While the world considers the broader regional implications of the Syria crisis, the status and position of religious minorities is becoming an increasingly important issue.
Christians in Syria constitute around 10 percent of the country's population. The majority of them belong to the Orthodox Church, which has historic links and ties with Russia. This is significant not only because Russia is an ally of President Bashar al-Assad's regime, but also because it is an important trading partner. The Melkites, Assyrians and some minority protestant groups comprise Syria's other significant Christian denominations.
Historically, the majority of Christians (mainly those affiliated with the Orthodox Church) have enjoyed a privileged status under Assad, serving in important security, economic and political positions, and they have been able to practice their religion freely. That said, Christians are currently barred from serving as president.
Understandably, many Orthodox Christians fear the loss of their privileged status and position in a post-Assad Syria; others have expressed concerns about possible reprisals. The Assad regime has rather predictably played upon these fears -- reports indicate that Christians have been targeted and killed by Syrian rebel forces. Consequently, many Orthodox Christians have been reluctant to join forces with opposition groups.
Nevertheless, a growing number of Christians -- George Sabra, Fayez Sara, Michel Shammas and Michel Kilo, to name a few -- have joined opposition groups like the Syrian National Council and the Assyrian Democratic Organization, which has openly opposed the Assad regime since the initial uprising last year, a clear defiance of the official Church.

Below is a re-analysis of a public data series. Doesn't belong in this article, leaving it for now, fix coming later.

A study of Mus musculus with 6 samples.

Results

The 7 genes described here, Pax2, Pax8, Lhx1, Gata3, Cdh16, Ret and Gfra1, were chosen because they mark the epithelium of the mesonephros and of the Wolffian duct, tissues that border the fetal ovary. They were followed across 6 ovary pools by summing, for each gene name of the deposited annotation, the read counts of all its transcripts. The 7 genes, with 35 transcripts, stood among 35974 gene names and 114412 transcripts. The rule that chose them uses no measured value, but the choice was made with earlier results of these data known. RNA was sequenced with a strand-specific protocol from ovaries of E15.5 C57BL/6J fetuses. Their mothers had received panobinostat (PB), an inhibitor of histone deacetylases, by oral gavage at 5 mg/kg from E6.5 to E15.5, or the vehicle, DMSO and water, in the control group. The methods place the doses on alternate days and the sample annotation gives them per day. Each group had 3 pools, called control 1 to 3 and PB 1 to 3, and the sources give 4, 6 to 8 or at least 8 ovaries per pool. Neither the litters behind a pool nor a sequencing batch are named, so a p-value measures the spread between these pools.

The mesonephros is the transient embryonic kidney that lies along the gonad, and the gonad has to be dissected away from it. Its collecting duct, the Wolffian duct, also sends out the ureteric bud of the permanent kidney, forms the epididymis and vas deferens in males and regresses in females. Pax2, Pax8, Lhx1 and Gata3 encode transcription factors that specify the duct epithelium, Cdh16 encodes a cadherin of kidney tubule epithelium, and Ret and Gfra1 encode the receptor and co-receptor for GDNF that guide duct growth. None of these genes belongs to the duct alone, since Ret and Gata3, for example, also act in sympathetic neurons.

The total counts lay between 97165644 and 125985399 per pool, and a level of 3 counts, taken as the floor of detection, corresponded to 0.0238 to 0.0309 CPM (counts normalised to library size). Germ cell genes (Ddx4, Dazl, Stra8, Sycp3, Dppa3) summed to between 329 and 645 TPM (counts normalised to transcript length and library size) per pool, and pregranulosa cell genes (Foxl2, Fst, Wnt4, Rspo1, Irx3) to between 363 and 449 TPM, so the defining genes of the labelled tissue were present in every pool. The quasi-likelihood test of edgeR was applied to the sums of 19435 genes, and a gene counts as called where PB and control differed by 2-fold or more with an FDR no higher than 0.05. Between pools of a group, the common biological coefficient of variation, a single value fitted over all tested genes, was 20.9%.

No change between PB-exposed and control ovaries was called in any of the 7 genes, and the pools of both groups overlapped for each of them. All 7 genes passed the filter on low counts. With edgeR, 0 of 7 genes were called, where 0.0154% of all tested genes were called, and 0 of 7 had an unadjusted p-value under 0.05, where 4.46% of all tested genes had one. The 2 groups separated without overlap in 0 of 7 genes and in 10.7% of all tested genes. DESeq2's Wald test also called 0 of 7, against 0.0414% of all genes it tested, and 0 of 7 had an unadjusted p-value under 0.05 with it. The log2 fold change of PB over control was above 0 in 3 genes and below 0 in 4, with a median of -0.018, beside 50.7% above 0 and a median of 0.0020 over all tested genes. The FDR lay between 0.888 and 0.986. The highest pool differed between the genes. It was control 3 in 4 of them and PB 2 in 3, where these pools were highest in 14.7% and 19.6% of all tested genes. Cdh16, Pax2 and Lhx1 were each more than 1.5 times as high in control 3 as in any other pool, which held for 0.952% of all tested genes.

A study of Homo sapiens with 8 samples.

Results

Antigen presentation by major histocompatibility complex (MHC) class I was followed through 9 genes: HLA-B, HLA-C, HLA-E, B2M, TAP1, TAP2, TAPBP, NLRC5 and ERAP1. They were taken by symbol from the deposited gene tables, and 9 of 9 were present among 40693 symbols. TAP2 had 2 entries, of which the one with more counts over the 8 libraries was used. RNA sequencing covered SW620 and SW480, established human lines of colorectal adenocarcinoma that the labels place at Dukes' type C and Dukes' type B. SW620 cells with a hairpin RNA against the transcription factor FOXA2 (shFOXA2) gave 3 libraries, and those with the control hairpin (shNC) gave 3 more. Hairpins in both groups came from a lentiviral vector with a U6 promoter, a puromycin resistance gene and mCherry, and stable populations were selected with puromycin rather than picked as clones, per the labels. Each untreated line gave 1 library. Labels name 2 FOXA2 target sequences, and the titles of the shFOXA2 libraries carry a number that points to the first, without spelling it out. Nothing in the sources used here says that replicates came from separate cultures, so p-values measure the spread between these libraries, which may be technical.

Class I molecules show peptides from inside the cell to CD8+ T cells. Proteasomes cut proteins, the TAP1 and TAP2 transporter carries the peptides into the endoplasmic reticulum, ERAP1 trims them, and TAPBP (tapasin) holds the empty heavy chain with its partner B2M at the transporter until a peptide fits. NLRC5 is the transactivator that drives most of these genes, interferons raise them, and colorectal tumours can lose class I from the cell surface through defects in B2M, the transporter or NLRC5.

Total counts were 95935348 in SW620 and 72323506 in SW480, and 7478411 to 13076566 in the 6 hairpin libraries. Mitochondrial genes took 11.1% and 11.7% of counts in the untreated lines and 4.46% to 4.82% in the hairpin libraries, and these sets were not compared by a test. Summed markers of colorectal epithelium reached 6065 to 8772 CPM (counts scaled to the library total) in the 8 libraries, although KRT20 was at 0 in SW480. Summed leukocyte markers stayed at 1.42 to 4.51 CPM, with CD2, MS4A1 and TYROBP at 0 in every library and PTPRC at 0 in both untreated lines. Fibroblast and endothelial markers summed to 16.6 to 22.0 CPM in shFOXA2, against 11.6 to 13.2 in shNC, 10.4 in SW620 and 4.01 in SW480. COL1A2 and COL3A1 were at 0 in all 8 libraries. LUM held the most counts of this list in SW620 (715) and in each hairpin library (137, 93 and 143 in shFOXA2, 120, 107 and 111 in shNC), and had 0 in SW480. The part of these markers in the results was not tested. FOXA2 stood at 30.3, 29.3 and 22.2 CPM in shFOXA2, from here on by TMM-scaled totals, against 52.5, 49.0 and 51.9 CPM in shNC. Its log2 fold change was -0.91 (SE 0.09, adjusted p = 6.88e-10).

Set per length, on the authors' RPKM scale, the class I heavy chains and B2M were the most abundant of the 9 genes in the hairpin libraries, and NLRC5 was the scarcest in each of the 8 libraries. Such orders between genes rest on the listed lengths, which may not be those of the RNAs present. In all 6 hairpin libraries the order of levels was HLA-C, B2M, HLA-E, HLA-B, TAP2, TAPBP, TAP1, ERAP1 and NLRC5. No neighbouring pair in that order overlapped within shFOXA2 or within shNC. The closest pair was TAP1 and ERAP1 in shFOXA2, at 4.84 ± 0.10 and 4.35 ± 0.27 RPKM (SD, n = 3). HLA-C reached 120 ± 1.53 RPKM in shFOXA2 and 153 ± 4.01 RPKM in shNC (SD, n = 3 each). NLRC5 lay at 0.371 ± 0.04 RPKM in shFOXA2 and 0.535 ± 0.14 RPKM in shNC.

Indeed, as Sabra argued, the Christian community has not been served well by its leaders, and the Orthodox Church's hesitancy in aligning itself with revolutionary forces may be a significant strategic error as it potentially leaves the majority of Christians politically isolated in a post-Assad Syria.
Despite that possibility, Orthodox Christians and their leaders would be better served if they reached out to opposition groups, Assyrian Christians included, in advocating for a secular Syrian state that protects and respects the rights of minority groups.
Christians also need to ensure that they are adequately represented at an institutional level, both internationally and nationally. The Christian minority could be an important ally for the opposition groups, and opposition groups should be making a better effort to reach out to their Christian countrymen given the Orthodox Church's historic connections with Russia.
Why? Well, the Orthodox Church may be able to put pressure on the Russian government to support any future proposed United Nations sanctions directed against the Assad regime. (The Russians, along with the Chinese, have blocked most of the proposed UN sanctions against the Assad regime.)
Given the perilous state of the Syrian economy, foreign investment will be critical to supporting and sustaining many businesses and key sectors. Again, this gives Christian groups and leaders and opportunity to reach out to their counterparts in the west and elsewhere by advocating for future foreign aid and investment to be linked to the protection of minority rights, including Christian rights in a post-Assad Syria.
Going further, doubts abound regarding the future political prospects of Christians in a post-Assad Syria. The view from neighboring Egypt is hardly encouraging. Indeed, the parliamentary and presidential elections brought the Muslim Brotherhood and more extreme Salafi parties to power; both Christian and secular forces have raised concerns about the possibility of further Islamization of the country and active discrimination against minorities.
In the Syrian context, Christians have cards to play, but they need to be played carefully. Christians need to develop allies and push to ensure that their rights are respected and that they can live with dignity and respect. It's going to be a long and difficult path ahead, and one that few have travelled.
By Samer Libdeh
Samer Libdeh is a Senior Research Fellow at The Henry Jackson Society think-tank in London.